Democracy Dies in Darkness

In Sight | Perspective

They look back with blue eyes or brown eyes or no eyes at all: Glimpses of the Island of the Dolls in Mexico City

June 11, 2018 at 9:00 AM

The Island of the Dolls (La Isla de las Munecas) is in Mexico City’s famed Xochimilco canals. (Sarah L. Voisin/The Washington Post/)
Anastasio Santana on the Island of the Dolls. (Sarah L. Voisin/The Washington Post/)

The dolls are nailed to walls, nailed to trees, beheaded and impaled on bamboo stakes. Some are headless, some are heads alone, and some have heads that are twisted around backward, “Exorcist”-style.

They are muddy, filthy, burned and smashed. They look back with blue eyes or brown eyes or no eyes at all. A blond Disney princess in a blue dress smiles, tacked to a wall. A plastic knee swings in the wind.

The Island of the Dolls is muddy and smells faintly of manure from the surrounding cow fields. It is not a happy place, but it attracts a steady stream of the curious, who disembark from party boats plying the 50-plus miles of Mexico City’s famed Xochimilco canals.

Anastasio Santana will tell you the story for $2. After his uncle, Julian Santana, found a drowned girl here in 1950, a doll washed ashore. He hung it up to appease the dead girl’s spirit. But then some pretty unpleasant haunting started, and Julian began hanging more and more dolls from the trees to ward off the spirits of lots of dead girls.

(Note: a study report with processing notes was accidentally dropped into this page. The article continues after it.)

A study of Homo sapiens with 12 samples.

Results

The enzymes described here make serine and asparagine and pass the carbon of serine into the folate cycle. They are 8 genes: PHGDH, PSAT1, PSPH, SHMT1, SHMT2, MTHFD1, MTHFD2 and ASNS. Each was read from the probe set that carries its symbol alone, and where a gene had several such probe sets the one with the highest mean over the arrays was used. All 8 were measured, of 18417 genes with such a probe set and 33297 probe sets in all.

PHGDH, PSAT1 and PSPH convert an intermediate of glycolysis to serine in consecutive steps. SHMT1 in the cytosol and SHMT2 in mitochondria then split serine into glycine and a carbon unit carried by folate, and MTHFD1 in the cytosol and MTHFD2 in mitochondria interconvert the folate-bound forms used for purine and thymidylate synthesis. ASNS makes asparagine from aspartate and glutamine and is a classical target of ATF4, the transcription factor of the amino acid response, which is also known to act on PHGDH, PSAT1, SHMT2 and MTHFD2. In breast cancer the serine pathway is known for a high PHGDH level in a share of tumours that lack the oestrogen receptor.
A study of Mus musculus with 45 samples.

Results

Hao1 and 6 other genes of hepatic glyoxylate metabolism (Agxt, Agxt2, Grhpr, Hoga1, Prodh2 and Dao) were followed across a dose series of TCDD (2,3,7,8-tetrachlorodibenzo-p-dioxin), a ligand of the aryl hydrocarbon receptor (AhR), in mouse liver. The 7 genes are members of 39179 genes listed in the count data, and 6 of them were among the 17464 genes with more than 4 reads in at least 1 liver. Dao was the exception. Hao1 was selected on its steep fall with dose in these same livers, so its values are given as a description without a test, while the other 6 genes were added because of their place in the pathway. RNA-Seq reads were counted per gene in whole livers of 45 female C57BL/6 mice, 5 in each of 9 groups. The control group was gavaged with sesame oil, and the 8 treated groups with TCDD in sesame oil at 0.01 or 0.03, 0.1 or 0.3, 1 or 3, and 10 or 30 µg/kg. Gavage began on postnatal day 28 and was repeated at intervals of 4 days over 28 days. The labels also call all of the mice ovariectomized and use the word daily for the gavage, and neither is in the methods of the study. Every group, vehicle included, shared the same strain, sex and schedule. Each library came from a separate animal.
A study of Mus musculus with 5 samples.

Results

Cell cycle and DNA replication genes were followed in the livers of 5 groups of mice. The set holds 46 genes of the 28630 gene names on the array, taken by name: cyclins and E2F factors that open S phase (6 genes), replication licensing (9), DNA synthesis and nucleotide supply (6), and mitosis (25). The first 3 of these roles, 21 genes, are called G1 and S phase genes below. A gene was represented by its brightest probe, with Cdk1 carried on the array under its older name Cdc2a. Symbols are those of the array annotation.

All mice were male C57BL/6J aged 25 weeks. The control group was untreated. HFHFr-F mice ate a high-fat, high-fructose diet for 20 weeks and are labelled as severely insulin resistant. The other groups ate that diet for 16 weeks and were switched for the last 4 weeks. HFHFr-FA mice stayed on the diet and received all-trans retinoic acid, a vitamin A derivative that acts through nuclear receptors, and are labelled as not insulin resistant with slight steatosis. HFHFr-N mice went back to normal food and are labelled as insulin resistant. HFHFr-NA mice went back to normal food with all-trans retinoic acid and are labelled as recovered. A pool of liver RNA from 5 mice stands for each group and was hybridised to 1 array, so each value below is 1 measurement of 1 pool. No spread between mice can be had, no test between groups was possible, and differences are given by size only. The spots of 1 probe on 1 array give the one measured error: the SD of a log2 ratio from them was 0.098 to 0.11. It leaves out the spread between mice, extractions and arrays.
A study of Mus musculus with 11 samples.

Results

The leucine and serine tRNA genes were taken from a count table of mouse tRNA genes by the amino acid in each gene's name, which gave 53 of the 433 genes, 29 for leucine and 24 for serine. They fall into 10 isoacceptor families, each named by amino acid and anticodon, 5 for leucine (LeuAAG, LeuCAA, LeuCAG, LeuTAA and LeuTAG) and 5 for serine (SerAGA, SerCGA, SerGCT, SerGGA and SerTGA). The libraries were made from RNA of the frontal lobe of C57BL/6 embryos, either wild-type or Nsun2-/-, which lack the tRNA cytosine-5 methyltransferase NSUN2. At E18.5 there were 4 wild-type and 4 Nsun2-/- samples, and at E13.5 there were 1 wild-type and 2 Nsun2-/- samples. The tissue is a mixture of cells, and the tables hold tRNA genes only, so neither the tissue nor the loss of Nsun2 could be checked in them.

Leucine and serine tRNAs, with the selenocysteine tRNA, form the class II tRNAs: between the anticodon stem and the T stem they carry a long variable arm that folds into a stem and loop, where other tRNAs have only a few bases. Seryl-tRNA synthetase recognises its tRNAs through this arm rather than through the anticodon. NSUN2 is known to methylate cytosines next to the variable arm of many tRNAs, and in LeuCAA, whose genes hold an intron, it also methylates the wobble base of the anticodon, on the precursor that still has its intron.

Or something like that.

Now, 2,200 dolls later, La Isla de Las Munecas has become a touristic monument to creepiness and kitsch, visited, presumably, by true believers. But maybe more often by happy party-boaters filled with $1.50 Coronas who don’t mind paying $2 to be stared down by a mud-stained Betty Boop on an island that also happens to have remarkably clean outhouses.

Julian Santana died of a heart attack in 1951, in the exact same spot as the little girl of island lore.

“We can’t explain it,” Anastasio says.

Crosses mark each spot: mud-splattered tributes to a girl, a man and an opportunity.

Kevin Sullivan is a Pulitzer Prize-winning senior correspondent who covers national and international affairs. He was previously The Washington Post's bureau chief in Tokyo, Mexico City and London.

Sarah L. Voisin has been a photographer at The Washington Post since 1998. She is co-founder of Women Photojournalists of Washington and has won numerous awards, many have been for her coverage of immigration, Mexico, Central America and Cuba.

Chloe Coleman is a photo editor at The Washington Post working in Outlook and Foreign news focusing on The Americas, Europe and Russia. She is regular contributor to the In Sight blog. She joined the Post in 2014.